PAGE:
Self-restraint should rule free speech

Issue 365 March 15, 2017

The debate on hate speech and the need to have in place a tougher regime of zero tolerance continues to rage as feverish as hate speech itself; except that there are apparently some people who believe that freedom of speech should be open and without restraint. That such freedom would hurt an entire community and worse, make them retaliate is of no consequence to them.

An article that appeared in the ‘New Zealand Centre for Political Research’ Newsletter should engage New Zealanders – indeed every person who values peace and harmony – in a healthy discussion. An edited version of the article appears in this Section.

If multiculturalism has to survive and if New Zealand has to guard its image as the ‘Best Country in the World,’ there must be greater enforcement of the Bill of Rights. At the same time, racial attacks, condemnation of people on religious and ethnic issues should be stopped.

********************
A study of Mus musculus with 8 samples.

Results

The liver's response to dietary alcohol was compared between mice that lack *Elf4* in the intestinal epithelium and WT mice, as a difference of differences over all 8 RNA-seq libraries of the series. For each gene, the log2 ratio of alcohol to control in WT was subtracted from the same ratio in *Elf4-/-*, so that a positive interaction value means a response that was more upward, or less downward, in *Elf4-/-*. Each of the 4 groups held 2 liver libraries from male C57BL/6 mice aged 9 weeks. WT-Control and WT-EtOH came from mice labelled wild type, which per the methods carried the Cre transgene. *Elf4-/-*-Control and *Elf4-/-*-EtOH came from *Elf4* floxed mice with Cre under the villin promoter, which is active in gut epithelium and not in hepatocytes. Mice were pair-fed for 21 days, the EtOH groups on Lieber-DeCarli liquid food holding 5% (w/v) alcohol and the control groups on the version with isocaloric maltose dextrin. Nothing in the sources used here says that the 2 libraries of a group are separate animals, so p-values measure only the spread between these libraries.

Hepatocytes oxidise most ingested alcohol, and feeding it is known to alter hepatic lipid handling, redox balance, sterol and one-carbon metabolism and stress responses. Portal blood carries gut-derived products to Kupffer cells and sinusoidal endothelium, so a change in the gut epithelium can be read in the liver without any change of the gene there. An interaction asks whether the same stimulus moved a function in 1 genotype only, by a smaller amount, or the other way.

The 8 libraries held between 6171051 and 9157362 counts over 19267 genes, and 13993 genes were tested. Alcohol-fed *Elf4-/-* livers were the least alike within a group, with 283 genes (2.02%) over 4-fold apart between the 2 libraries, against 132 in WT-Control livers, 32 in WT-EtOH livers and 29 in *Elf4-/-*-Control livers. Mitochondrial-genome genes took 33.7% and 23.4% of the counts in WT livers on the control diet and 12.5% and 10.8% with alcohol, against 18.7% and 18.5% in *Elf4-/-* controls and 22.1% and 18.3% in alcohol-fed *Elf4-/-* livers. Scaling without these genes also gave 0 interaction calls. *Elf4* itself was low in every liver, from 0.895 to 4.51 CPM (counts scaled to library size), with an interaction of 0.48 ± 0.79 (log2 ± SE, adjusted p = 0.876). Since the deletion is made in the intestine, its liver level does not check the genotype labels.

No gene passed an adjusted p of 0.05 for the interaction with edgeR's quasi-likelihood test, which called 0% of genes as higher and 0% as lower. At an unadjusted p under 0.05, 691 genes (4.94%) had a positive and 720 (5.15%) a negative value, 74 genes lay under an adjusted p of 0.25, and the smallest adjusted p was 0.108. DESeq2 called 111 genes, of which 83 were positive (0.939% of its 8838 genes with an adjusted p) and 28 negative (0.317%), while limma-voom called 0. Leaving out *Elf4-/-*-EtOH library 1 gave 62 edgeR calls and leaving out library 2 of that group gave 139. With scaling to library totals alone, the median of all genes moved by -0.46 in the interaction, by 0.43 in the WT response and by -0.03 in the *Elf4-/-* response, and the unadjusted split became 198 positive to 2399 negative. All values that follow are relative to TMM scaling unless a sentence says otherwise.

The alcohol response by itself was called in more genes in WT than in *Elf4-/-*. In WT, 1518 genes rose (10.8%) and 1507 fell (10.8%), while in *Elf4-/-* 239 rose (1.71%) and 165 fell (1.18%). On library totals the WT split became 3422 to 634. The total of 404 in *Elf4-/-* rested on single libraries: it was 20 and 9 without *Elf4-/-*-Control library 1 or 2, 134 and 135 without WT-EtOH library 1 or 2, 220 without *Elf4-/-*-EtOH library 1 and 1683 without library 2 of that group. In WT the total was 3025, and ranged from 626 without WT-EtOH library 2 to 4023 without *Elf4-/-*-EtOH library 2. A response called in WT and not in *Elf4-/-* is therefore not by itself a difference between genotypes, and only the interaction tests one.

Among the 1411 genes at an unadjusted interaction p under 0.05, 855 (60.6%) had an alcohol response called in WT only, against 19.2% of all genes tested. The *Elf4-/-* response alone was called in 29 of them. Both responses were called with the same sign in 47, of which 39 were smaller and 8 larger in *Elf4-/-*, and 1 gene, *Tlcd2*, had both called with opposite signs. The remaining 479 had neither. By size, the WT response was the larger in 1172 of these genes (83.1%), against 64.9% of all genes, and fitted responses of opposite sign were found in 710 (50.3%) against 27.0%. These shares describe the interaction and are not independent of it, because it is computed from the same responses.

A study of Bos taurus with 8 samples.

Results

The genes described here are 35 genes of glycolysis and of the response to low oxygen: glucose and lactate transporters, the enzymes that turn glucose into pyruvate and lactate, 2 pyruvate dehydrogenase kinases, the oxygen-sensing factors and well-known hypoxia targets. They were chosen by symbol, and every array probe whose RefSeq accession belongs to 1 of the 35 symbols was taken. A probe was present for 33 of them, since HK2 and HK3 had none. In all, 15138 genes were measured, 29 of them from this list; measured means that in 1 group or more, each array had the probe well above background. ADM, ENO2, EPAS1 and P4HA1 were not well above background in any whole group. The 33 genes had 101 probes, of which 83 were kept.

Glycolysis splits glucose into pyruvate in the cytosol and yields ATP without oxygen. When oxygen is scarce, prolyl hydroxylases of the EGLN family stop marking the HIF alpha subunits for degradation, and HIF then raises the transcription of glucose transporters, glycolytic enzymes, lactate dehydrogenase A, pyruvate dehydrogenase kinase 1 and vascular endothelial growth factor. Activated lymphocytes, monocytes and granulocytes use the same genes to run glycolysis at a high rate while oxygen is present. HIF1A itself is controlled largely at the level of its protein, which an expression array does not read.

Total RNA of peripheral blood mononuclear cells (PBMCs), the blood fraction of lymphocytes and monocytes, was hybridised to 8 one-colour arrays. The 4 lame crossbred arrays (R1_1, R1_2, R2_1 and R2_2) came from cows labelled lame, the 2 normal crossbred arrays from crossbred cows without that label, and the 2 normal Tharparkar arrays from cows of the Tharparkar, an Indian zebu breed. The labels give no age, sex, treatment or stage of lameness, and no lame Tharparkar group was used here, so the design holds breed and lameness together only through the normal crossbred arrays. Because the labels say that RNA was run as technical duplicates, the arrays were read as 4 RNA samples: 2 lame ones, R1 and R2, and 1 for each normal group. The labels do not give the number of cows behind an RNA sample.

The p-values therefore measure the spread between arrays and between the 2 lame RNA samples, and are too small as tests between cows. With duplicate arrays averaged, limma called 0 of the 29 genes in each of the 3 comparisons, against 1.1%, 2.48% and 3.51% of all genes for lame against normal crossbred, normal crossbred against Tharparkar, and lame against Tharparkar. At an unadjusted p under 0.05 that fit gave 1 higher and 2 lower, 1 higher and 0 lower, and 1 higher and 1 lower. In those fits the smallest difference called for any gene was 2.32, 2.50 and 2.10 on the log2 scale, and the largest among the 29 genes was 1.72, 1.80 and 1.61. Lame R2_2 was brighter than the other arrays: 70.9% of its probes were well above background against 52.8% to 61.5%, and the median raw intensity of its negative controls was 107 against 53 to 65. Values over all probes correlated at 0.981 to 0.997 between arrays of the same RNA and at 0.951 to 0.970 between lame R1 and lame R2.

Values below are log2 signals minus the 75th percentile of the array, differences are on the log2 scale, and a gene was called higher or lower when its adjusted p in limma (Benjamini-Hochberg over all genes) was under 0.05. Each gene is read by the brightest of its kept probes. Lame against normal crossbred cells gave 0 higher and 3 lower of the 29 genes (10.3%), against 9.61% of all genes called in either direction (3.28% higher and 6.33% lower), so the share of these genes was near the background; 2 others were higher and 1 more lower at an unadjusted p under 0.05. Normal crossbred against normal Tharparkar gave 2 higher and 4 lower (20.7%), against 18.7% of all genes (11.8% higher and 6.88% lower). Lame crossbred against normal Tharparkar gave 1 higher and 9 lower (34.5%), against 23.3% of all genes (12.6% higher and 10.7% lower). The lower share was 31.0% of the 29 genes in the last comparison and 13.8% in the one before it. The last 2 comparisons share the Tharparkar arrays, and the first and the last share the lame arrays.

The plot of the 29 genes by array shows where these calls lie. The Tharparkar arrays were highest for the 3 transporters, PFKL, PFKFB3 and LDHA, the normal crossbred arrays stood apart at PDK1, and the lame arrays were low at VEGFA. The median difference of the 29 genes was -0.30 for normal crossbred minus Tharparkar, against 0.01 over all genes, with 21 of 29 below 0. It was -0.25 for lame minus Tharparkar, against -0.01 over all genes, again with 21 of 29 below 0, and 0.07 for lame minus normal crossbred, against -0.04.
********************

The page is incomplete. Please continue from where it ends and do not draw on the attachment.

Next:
Limiting Freedom

Social media make it easy for anyone to publish anything to a potentially global audience. This is a huge boost for freedom of speech, and has led to a vast increase in the volume of material published. But when words and pictures move so rapidly across borders, conflict often results. Different nations have different notions of what may and may not be said.

Hate speech is, outside the law, communication that vilifies a person or a group based on colour, disability, ethnicity, gender, nationality, race, religion, sexual orientation, or other characteristics.

In most countries of the world, hate speech is any speech, gesture or conduct, writing, or display which is forbidden because it may incite violence or prejudicial action against or by a protected individual or group, or because it disparages or intimidates a protected individual or group. The law may identify a protected individual or a protected group by disability, ethnicity, gender, gender identity, nationality, religion, race, sexual orientation.

Freedom of expression should not get beyond reason and public sentiments.